Tesla, or TesNAH?

Are Electric Cars Worse For the Environment than Conventional Cars?

Under the Radar

Thomas Werner

February 1st, 2017

The world is a mess. Political controversy is rampant, Falcons are in the Super Bowl, Prince is dead…the list goes on. However, something on the forefront of everyone’s mind (well, at least 98% of scientists’ minds) is the catastrophic carbon footprint humans are leaving on the earth. According to a group of scientists from Columbia’s Lamont-Doherty Earth Observatory, “no past event perfectly parallels…the unprecedented rapidity of CO2 release currently taking place.” One option many people turn to today in an effort to combat this catastrophe is hybrid and electric cars, such as the gas sipping Toyota Prius and the sexy Teslas. But are these cars really as environmentally friendly as they seem?


In 2007, a study by CNW Marketing Research, Inc., called “Dust to Dust: The Energy Cost of New Vehicles From Concept to Disposal,” took the internet by storm. The research shockingly concluded that when you looked at a car’s life from beginning of production to its complete demise‒from “dust to dust”‒the Toyota Prius was actually worse for the environment than a Hummer SUV. Making a Prius calls for diverse and sparse metals; an example is nickel used to make the car’s battery. This one metal is mined in Canada, refined in Europe, turned into foam in China, and then shipped to Japan where it is put in the car. The emissions from all that mining, processing, and shipping add up. According to an in-depth study by the U.S. Department of Energy's Argonne National Laboratory, hybrid cars do, in fact, require more energy to produce than conventional cars, emitting more greenhouse gases and burning more fossil fuels during the manufacturing process. So when all the data is added up, from “dust to dust,” the study concluded that the Prius is actually worse than a Hummer.


These results were so shocking that science even decided to take a harder look‒thankfully so. It was made clearer that you can’t believe everything you see on the internet when a report by the Pacific Institute concluded:


Closer inspection suggests that the [Dust to Dust] report’s conclusions rely on faulty methods of analysis, untenable assumptions, selective use and presentation of data, and a complete lack of peer review. Even the most cursory look reveals serious biases and flaws: the average Hummer H1 is assumed to travel 379,000 miles and last for 35 years, while the average Prius is assumed to last only 109,000 miles over less than 12 years. These selective and unsupported assumptions distort the final results. A quick re-analysis with peer-reviewed data leads to completely opposite conclusions: the life-cycle energy requirements of hybrids and smaller cars are far lower than Hummers and other large SUVs. CNW should either release its full report, including methods, assumptions, and data, or the public should ignore its conclusions. Unfortunately, “Dust to Dust” has already distorted the public debate.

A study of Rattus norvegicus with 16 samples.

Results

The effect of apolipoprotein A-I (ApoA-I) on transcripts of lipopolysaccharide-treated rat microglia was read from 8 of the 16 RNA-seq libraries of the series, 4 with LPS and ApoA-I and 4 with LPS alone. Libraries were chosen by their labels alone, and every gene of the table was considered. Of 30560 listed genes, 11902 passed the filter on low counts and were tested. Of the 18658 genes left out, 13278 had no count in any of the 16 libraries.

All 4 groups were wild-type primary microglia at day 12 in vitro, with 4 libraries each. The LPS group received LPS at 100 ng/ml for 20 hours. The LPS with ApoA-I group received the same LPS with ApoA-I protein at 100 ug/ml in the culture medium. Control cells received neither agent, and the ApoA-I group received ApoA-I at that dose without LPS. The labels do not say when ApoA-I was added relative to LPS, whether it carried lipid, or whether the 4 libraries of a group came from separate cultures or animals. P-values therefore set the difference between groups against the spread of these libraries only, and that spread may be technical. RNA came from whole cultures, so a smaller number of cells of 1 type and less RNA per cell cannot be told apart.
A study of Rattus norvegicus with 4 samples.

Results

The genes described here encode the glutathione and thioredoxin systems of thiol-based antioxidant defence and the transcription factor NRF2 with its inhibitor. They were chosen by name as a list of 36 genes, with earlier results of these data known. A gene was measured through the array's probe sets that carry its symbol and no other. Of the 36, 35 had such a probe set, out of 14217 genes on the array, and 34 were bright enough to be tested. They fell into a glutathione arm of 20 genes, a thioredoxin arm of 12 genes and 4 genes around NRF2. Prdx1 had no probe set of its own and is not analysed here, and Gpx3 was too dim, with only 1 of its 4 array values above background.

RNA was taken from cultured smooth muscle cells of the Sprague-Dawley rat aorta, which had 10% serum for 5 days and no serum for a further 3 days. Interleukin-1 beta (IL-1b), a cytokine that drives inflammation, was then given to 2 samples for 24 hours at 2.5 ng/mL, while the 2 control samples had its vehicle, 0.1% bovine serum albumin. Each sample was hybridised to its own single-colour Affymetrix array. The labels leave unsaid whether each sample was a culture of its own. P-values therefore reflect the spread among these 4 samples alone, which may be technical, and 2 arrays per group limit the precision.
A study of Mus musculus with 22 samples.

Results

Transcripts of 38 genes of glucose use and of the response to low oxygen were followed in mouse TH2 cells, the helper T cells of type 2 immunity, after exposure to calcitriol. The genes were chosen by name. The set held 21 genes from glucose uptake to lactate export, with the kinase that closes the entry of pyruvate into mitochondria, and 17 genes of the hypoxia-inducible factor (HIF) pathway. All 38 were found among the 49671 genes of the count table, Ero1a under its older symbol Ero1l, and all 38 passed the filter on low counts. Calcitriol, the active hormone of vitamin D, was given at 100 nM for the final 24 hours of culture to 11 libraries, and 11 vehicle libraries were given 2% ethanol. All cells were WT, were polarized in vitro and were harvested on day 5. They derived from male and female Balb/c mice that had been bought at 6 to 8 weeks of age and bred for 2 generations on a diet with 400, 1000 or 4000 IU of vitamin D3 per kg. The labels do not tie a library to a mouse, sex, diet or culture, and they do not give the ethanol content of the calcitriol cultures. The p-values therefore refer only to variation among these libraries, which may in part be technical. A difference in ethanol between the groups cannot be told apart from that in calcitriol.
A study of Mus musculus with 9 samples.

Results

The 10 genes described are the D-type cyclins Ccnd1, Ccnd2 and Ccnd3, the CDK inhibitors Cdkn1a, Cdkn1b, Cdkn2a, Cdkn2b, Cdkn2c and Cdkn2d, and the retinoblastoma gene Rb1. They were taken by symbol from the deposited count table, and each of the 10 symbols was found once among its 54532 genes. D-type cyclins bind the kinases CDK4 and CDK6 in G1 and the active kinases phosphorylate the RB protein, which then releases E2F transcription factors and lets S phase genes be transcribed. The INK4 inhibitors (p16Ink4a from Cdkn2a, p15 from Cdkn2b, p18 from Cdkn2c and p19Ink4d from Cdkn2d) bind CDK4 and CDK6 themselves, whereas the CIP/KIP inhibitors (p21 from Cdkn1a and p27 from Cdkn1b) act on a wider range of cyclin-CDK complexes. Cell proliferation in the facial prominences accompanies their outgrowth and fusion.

So, a Prius is evidently better for the environment than a conventional car, even when everything is taken into account.


Despite this evidence, some still argue that electric cars are bad for the environment. In many regards, they are correct. Check out Adam Connover’s “Adam Ruins Everything” on the topic. I love this show, but we must take Adam’s arguments with a grain of salt. He focuses on a plug-in Tesla, and assumes the subject is buying a car simply because he wants one, not because he just needs a new car. Taking these two things into account, yes, buying an electric car can be much worse than keeping what you’ve got. It is important to note full electric plug in cars are different than hybrids, and depending where you live, possibly worse. “More than 45 percent of electricity in the U.S. is generated by coal-powered plants. According to another Argonne National Laboratory report, if a plug-in hybrid charges from coal-generated electricity, it could be responsible for emitting up to 10 percent more greenhouse gasses than a conventional vehicle and up to 60 percent more than a standard hybrid.” So yes, a plug in electric car, despite zero actual emissions being produced directly from the car, can end up causing more environmental damage than a conventional vehicle. Still, as the aforementioned Pacific Institute report concluded, hybrids are the best option overall. Furthermore, a study conducted by the same Argonne National Laboratory comparing conventional and hybrid vehicles “over their entire life cycle, which includes vehicle production, vehicle operation and the energy required to produce fuel for both cars” concluded that assuming  “both vehicles travel 160,000 miles (257,495 kilometers) over their lifetime, the conventional vehicle requires 6,500 Btu of energy per mile compared to 4,200 Btu per mile for a hybrid. That higher energy input results in far greater lifetime greenhouse gas emissions for conventional vehicles compared to hybrids, more than 1.1 pounds (500 grams) per mile compared to 0.75 pounds (340 grams) per mile.”


New cars are bad no matter what. The process of building any car is terrible for the environment. If you need a new car and want to look out for the environment at the same time, a hybrid like the Prius is going to be your best bet. However, if your current car is fine, or better yet, if you don’t drive at all, nature would much rather you stick with what you’ve got. Reduce, reuse, and recycle--in that order.